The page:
Imitation of Life.
I do not like finding phallic symbols in movies.
I grant you that there are some films that deliberately evoke the love wand: Tex Avery cartoons, Frank Tashlin and Jerry Lewis movies. Surely the Wolf in Avery’s Red Hot Riding Hood (1943) has more than a Platonic interest in Red’s stage show.
But some critics/ academics look way too hard. For them, as a literature professor of mine put it back in the mid-1960s, phallic symbols are everywhere in art. And I learned fast that he meant everywhere, from the Odyssey to Emily Dickinson. I changed sections.
Films, of course, are full of images that encourage the hunt for avatars of the skin flute. So for forty years, I’ve argued against interpretations of a scene that depend on reading you-know-what into anything that resembles a pole, post, or pylon—any vaguely tubular shape, slender or squat, organic or mechanical. It is a duffer’s mistake to think that film shots including swords, logs, telephone poles, pine trees, skyscrapers, Greek columns, fountain pens, picket fences, shovels, rocket ships, and Pontiac fins always pay homage to the trouser snake.
Except, I must admit, bedposts.
I don’t think I’ve ever slept in a bed with bedposts, not even in those cozy B & Bs that smother you with affection and sugar-sprinkled muffins. But the American cinema likes bedposts. Red-blooded American women in classic movies often have beds braced or decorated with bedposts.
Sometimes those bedposts do some alarming things.
Exhibit A: Start, as we often do (but probably shouldn’t), with D. W. Griffith. In The Birth of a Nation, Elsie Stoneman has just spent a romantic afternoon with Ben Cameron, aka The Little Colonel.
She races into her bedroom, obviously smitten.
What does she do? She hops to the bed and leans dreamily against the fancy tapering bedpost. Now Griffith gives us the closest image of her that we’ve seen so far in the movie.
And since Griffith never passes up a chance to crosscut between anything and anything else, we get another shot of Ben, perhaps looking off toward Elsie’s house. (We have to say perhaps because Griffith is not terribly concerned with consistent eyelines.) It operates as a typical Griffith signal that one character is thinking about another.
And as if aware that Ben is thinking of her, Elsie rewards her bedpost accordingly.
Should you doubt that these bedpost calisthenics are connected with the thought of a guy, I submit Exhibit B. In Bringing Up Baby, Susan Vance (Katharine Hepburn) is taken with David Huxley (Cary Grant). While he showers, she wraps herself around the only thing in the room taller than she is.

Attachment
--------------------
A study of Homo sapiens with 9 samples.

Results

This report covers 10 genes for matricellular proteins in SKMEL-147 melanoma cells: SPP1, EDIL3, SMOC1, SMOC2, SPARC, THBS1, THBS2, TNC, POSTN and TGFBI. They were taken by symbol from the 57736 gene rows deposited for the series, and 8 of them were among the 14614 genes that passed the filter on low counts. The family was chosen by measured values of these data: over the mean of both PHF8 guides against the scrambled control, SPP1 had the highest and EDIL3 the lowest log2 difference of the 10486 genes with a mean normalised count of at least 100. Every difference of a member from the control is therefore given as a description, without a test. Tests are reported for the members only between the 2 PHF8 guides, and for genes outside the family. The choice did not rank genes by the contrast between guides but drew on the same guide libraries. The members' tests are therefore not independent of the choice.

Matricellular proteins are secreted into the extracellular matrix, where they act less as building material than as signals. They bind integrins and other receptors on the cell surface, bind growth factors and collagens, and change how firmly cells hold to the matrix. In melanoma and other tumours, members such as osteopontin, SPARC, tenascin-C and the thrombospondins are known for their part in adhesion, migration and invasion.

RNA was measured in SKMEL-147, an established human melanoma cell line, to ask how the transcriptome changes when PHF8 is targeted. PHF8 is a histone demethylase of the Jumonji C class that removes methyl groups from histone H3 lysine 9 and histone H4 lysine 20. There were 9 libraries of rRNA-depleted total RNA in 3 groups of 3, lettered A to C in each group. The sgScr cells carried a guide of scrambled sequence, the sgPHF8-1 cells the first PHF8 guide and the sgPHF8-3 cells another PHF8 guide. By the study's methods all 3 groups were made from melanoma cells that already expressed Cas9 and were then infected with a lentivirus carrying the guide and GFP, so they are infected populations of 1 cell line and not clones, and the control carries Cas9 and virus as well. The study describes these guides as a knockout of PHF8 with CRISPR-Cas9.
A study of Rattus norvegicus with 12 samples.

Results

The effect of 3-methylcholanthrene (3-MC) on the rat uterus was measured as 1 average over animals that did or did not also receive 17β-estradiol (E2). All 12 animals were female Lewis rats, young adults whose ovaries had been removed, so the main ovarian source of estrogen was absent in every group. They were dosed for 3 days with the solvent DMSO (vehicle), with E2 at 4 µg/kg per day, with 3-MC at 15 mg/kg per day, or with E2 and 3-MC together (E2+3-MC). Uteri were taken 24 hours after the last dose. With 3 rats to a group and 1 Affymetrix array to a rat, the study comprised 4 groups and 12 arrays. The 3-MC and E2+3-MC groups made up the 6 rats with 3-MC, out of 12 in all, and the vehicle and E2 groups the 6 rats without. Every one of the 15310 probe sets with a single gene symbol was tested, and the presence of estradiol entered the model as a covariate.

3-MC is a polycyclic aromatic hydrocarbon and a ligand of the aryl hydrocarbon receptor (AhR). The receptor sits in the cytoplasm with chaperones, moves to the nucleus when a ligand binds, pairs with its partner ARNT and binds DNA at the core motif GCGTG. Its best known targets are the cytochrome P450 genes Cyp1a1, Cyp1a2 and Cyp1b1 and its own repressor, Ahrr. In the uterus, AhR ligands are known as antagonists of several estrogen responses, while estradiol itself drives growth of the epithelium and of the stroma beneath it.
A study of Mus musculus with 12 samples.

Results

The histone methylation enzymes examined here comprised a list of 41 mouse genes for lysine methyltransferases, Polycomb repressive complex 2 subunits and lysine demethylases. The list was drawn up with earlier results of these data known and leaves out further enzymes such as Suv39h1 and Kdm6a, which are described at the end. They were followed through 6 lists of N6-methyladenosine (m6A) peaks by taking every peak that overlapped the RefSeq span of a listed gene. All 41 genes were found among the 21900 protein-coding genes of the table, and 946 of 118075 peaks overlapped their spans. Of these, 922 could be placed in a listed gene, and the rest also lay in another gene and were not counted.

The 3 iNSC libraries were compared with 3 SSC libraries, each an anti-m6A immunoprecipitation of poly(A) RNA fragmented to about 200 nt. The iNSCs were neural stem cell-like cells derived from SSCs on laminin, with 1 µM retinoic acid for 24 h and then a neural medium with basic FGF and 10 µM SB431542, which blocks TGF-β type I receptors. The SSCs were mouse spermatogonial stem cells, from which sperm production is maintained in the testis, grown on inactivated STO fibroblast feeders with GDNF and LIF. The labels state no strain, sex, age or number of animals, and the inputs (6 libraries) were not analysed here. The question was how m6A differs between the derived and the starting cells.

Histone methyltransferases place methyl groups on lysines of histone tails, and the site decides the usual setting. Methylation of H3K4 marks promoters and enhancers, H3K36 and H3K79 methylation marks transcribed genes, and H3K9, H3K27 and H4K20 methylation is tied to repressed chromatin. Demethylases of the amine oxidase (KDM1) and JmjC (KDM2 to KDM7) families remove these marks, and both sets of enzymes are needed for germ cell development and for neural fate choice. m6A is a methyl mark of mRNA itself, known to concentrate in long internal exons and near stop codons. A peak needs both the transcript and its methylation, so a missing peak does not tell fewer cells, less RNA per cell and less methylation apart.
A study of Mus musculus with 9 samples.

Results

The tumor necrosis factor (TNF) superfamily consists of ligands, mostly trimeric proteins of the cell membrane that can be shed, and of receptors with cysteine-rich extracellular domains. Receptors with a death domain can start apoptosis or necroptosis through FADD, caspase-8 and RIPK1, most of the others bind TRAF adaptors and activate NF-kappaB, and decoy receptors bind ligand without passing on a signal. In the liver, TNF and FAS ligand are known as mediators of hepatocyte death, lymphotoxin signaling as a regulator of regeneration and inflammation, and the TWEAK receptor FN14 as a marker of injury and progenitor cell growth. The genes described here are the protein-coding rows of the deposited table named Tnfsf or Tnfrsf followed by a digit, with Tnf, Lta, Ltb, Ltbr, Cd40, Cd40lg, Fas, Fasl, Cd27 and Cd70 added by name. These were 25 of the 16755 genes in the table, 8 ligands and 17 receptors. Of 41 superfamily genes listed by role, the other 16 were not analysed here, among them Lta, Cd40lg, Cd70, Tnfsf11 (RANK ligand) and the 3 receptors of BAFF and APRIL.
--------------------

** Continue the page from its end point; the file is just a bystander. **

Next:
One can easily see why a glimpse of Cary Grant stepping out of the shower could make somebody clutch a support , but wouldn’t a chair have done as well?
Exhibit C: Douglas Sirk has done interesting bedpost work in Imitiation of Life (surmounting this entry), but surely his triumph is Magnificent Obsession (1954). A blind Helen Phillips (Jane Wyman) has just learned that no operation is likely to recover her sight. Helen rises from her chair, and we hear a wordless choir along with a piano theme evocative of Rob (Rock Hudson), the mysterious man in her life. As if drawn by magnetism, she makes her way through the darkness to a totemic mass, sort of Elsie Stoneman’s bedpost on Viagra. She moves with the solemnity of a priestess paying homage to an angry god.
Actually, this thing isn’t exactly a bedpost; it’s a strange thrusting protrusion from a love seat that functions as a room divider. But it’s clearly in the bedpost tradition—as we see when, like Elsie, Helen embraces it and leans her head against it.
Soon Rob enters, framed by the post, and in no time the couple are in a clinch.
If forced to interpret these items, I’d probably say that Griffith may have included The Bedpost in a moment of frank eroticism, Hawks knew the cliché and exploited it for an actor’s bit of business, and Sirk, sophisticated Euro émigré, used it ironically. But of course these interpretations are open to dispute. I expect someone to start a dissertation on the matter immediately.
I don’t know of comparable scenes in which men, thinking of women, hug bedposts or crawl into big cavities. Bedpost worship can obviously be interpreted as another sign of Hollywood’s bias toward patriarchal values. But its blatancy and more or less witting silliness also respond to that quality that delighted Parker Tyler about Hollywood movies—the way that flagrant symbolism is flung onto the screen but toyed with, to tease us. For Tyler, the “only indubitable reading of a given movie” was
its value as a charade, a fluid guessing game where the only “winning answer” was not the right one but any amusingly relevant and suggestive one: an answer which led to interesting speculations about society, about mankind’s perennial, profuse, and typically serio-comic ability to deceive itself.
Sometimes, then, a bedpost is just a bedpost. But probably not in the movies.
The quotation comes from Parker Tyler’s Three Faces of the Film, rev. ed. (South Brunswick, NJ: Barnes, 1967), 11.
My frame enlargements from a 16mm print of Magnificent Obsession aren’t good enough in the scene I mentioned, so I’ve been obliged to draw my images from the Criterion DVD. That version crops the frame to 2.0:1, which has seemed too radical for many observers, me included. Should it instead be 1.66 or 1.85? The aspect-ratio debate has played out in extensive detail here and here.
Thanks to Lea Jacobs and Jeff Smith for some DVD loans. Jeff also encouraged me to keep this discussion in good taste.